Vocal Health FAQ

I have heard that dairy foods produce mucus, should a singer stay away from milk products?

 It is completely individual. If you are lactose intolerant or if milk products happen to not agree with you, of course you should avoid them. Doctors have assured me that it is a total myth that dairy foods  actually produce mucus. This myth is being spread by non-medical voice specialists, but I have yet to hear a plausible explanation of the mechanism which allegedly causes this. If your singing teacher tells you this you might want to ask about whether they have any scientific studies  that backup this claim.  Then run the explanation past your doctor. Dairy products contain important nutrients that are necessary for your long term health. You should not give these benefits up on the say so of a singing teacher that has latched onto this philosophy. Physicians at the National Jewish Medical and Research Center,  have learned that dairy, high fat dairy in particular, simply  thickens the mucus that is already present in your throat, which momentarily may feel uncomfortable. This may explain the "old wives tale" that is being spread that  consuming milk increases mucus output. Studies have shown that is most cases a nice glass of water rinses it all away and leaves you feeling comfortable and ready to sing.

When I was in grad school the opera director made  some cast members actually consume ice cream on stage in Kurt Weill's  opera " Street Scene". I remember the poor tenor complaining bitterly that he was unable to sing afterward. Having to consume ice cream on stage (high fat dairy) and continue singing without a glass of water to wash it down is clearly unreasonable.

I heard that coffee and tea cause dehydration should I avoid these drinks?

Coffee and tea both contain caffeine and caffeine causes dehydration, therefore, of course, it makes perfect sense not to over-consume coffee and tea. Must you completely avoid these drinks? OF COURSE NOT.  Tea consumption is second to water consumption amongst professional singers. Many professional singers can not sing without tea!

I have personally witnessed a world famous opera singer standing in the middle of the stage at a tech rehearsal, in her multi-thousand dollar costume with her hand outstretched demanding " Hot Tea".

During union breaks at the international opera house where I used to work there was always a huge line (queue) for the coffee and tea machines, where the entire chorus and principals would gather and partake of caffeinated drink before  singing gloriously. Obviously, it is possible to drink coffee and tea and then sing well!!!! It probably helps to warm the throat and wakes  up  a singer enough to reduce the chance of mistakes.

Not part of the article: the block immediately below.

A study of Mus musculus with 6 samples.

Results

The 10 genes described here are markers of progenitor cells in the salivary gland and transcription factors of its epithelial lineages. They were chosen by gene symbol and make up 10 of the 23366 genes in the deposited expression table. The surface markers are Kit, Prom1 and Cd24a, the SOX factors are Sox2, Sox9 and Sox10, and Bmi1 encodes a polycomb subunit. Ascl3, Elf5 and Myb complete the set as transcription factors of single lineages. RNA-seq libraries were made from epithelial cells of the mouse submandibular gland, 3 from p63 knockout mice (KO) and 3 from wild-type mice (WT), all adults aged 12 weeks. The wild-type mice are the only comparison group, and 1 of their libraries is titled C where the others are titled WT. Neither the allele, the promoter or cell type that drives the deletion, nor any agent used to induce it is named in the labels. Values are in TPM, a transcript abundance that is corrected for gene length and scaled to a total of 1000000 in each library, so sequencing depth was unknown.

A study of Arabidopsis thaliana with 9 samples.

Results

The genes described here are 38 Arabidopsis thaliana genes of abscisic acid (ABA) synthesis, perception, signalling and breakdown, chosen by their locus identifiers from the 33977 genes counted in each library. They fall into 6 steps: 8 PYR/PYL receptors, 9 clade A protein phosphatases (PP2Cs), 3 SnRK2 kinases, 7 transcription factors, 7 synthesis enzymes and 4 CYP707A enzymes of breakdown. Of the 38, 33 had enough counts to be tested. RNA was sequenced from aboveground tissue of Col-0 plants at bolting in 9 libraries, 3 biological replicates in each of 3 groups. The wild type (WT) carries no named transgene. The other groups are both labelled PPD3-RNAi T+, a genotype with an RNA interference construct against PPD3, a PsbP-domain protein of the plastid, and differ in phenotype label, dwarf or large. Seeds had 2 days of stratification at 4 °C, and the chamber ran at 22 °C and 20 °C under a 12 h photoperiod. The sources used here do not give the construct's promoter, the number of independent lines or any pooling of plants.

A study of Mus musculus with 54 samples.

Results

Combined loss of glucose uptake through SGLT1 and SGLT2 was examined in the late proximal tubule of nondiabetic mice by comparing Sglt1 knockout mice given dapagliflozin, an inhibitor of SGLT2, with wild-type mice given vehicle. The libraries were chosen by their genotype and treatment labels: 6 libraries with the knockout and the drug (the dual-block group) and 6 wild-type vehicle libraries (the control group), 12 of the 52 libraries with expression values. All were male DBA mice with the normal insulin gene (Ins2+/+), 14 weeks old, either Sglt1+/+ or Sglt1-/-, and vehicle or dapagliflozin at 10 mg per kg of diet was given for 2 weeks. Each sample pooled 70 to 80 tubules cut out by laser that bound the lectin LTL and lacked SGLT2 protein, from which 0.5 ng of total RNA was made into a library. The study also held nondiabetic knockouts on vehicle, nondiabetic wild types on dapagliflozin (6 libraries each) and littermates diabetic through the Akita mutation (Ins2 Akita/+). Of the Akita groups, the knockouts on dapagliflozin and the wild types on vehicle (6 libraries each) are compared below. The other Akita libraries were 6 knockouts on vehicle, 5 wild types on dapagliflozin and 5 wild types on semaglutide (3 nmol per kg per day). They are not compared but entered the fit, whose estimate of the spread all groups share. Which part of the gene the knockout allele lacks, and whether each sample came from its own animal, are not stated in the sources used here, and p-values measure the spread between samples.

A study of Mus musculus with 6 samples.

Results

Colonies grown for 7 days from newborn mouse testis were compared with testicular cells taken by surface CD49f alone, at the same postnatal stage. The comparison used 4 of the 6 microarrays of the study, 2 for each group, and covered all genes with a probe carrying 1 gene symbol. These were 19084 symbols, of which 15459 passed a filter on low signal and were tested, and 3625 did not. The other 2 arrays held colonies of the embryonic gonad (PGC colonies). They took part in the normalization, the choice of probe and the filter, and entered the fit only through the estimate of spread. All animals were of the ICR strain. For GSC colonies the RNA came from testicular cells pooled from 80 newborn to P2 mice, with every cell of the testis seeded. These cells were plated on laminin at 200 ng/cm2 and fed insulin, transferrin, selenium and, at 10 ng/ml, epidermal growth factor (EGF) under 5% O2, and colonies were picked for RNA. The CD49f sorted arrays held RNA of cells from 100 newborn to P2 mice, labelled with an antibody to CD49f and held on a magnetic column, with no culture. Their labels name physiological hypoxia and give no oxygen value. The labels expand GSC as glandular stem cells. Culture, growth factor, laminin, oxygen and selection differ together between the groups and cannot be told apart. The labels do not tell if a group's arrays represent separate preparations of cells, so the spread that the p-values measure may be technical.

*Water is the best drink, providing it is not ice cold and freezes up your throat!*

**Whilst caffeinated drinks do not interfere with many peoples ability to sing well, do remember**
 that sugary drinks and drinks that contain caffeine do not sufficiently hydrate your system therefore
 you should also drink water!

I was told that chocolate is bad and causes mucus. Should I avoid it?

I have heard of anecdotal evidence that eating chocolate makes one's throat uncomfortable.  But I know of no definitve studies. Chocolate has lots of sugar , which can negatively effect people with low blood sugar and caffeine which does have a drying effect. Personally, I do not eat chocolate right before I sing. Other singers can tolerate it. Try it and see what effect it has on you . If you test it at non-critical times and it is ok, then don't worry!

I was told that I should avoid spicy foods, is that true?

It is an individual thing. I find that eating spicy foods clears out my congestion. But then it leaves me feeling dry, therefore, I would not eat a very spicy meal right before an important performance. I do believe spicy food is a good tool to move congestion before it settles and makes you ill. Try it for yourself and see how it effects you as an individual.

Ok, so milk, chocolate, spicy foods, tea and coffee might not be a problem. What should I worry about?

Ok, below is my list of things proven to have a negative effect on the voice.

1. Lack of rest and vocal rest
2. Dehydration

3  Having to speak over noise.
4. Smoke, including second hand
5. Alcohol on the day that you sing or more than one drink the night before
6. Eating too close to bedtime causing acid reflux
7. Sick people that will infect you with upper respiratory infections.

As you can probably imagine, attending an opening night party where you tire yourself out, speak over loud music, drink too much, eat too much before going to sleep and shake hands with many sick people is the worst thing you, as a singer can do!